Beat the Heat – Caregiver Tips

Get prepared for another hot month!

August is usually the warmest month of the year, which isn’t comforting to many Texans who have been living in record-breaking, triple-digit heat all summer. To help caregivers prepare, we’ve rounded up some tips on how to stay safe, cool and healthy amid these hot temperatures. This is especially important for seniors, who are more at risk for developing heat-related illnesses.

Staying cool:

  • Stay hydrated. Don’t wait until you’re thirsty to drink water, and try to avoid excessive caffeine and soda.
  • Limit exposure to the sun by staying indoors as much as possible. When you go outside, wear sunscreen with an SPF of 30 or higher.
  • Try to plan any outdoor activity in the early morning or evening when it’s cooler. Try to stick with locations that are well-shaded and have a lot of trees.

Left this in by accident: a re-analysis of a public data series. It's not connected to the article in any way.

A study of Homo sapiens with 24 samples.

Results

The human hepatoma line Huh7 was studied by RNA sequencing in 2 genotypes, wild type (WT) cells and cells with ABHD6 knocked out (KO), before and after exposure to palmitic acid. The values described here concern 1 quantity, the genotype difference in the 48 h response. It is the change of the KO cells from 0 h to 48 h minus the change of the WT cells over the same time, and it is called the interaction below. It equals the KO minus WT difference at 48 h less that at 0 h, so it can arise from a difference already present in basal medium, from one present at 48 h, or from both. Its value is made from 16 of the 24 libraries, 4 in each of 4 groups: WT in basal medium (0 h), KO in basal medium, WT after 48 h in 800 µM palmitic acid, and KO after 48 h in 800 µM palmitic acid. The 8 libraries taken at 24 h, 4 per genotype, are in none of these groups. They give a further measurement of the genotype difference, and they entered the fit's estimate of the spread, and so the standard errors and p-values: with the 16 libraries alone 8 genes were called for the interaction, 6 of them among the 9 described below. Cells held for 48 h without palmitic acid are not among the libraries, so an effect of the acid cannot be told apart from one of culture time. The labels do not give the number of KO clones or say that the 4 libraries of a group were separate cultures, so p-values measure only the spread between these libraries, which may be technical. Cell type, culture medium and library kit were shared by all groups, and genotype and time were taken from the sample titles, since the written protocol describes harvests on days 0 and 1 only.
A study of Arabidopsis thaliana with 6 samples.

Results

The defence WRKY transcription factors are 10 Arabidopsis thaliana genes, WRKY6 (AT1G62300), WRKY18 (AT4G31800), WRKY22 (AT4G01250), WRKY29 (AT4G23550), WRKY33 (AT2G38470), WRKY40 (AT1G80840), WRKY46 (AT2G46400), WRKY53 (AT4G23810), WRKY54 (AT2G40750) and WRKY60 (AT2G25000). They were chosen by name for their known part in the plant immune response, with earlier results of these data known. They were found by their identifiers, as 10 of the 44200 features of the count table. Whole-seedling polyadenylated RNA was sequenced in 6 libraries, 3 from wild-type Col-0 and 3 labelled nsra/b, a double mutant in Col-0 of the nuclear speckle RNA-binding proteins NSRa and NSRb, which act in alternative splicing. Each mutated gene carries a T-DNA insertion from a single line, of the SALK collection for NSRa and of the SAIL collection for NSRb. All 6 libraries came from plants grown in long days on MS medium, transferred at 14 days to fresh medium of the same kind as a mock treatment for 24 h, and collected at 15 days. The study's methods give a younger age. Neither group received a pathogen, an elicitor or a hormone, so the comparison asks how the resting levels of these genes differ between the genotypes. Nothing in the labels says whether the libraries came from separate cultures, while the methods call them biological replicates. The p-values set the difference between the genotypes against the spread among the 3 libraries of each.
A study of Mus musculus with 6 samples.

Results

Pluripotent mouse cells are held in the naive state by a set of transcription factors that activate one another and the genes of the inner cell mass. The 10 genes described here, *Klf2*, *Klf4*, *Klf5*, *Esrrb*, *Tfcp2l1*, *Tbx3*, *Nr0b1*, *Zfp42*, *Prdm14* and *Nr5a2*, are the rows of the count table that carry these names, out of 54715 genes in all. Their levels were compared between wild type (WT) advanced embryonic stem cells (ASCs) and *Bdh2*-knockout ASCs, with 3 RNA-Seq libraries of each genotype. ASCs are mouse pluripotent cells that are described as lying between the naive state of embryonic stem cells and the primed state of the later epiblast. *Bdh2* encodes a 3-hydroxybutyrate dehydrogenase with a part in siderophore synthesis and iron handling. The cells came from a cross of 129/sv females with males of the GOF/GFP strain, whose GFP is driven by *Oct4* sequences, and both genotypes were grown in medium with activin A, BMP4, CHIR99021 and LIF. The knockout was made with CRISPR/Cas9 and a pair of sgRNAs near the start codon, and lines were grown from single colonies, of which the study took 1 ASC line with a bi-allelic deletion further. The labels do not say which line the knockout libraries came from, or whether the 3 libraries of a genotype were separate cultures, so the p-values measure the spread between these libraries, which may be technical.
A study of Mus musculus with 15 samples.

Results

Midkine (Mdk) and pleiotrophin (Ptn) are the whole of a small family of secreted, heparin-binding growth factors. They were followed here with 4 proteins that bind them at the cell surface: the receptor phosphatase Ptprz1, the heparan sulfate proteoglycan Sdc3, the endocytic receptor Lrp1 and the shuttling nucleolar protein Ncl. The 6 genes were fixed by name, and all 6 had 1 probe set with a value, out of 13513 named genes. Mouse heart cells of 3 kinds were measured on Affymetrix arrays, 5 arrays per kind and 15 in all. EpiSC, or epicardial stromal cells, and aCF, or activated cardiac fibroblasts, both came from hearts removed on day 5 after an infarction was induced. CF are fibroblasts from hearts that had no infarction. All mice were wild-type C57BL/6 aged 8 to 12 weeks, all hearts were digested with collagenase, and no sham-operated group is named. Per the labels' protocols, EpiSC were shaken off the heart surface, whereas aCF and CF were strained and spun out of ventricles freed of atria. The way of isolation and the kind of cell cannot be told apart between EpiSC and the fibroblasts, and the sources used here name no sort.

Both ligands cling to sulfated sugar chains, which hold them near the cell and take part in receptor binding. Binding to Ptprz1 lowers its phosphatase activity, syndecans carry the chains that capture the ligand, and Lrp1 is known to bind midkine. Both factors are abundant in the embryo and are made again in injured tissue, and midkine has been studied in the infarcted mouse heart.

• Wear light-colored, loose fitting clothing and wide-brimmed hats. Fabric should be breathable to permit the evaporation of perspiration, so aim for anything made with cotton, linen or rayon.
  • If your home does not have efficient air-conditioning or any A/C at all, take frequent cool baths or showers. You can also visit a public cooling center, which are free and open to the community. View a list of San Antonio cooling centers here.


Avoiding heat-related illnesses:

Heat Cramps: Painful, involuntary muscle spasms. These usually occur during increased activity in hot environments. Heat cramps can be treated by moving to a cooler space, drinking water, and lightly stretching or massaging affected areas.

Heat Exhaustion: The body’s response to an excessive loss of water and salt, usually through excessive sweating. Heat exhaustion is most likely to affect the elderly and people with high blood pressure. To treat it, move victims to a cooler location, remove unnecessary clothing, and encourage frequent sips of water. Try fanning the victim or applying cool cloths to their skin to help them cool down.

Heat Stroke: A severe medical emergency that occurs when the body can no longer control its temperature. When heat stroke occurs, the body temperature can rise to 106°F or higher within 10 to 15 minutes, and is unable to cool down. To treat heat stroke, call 911 or emergency medical services, or get the victim to a hospital immediately.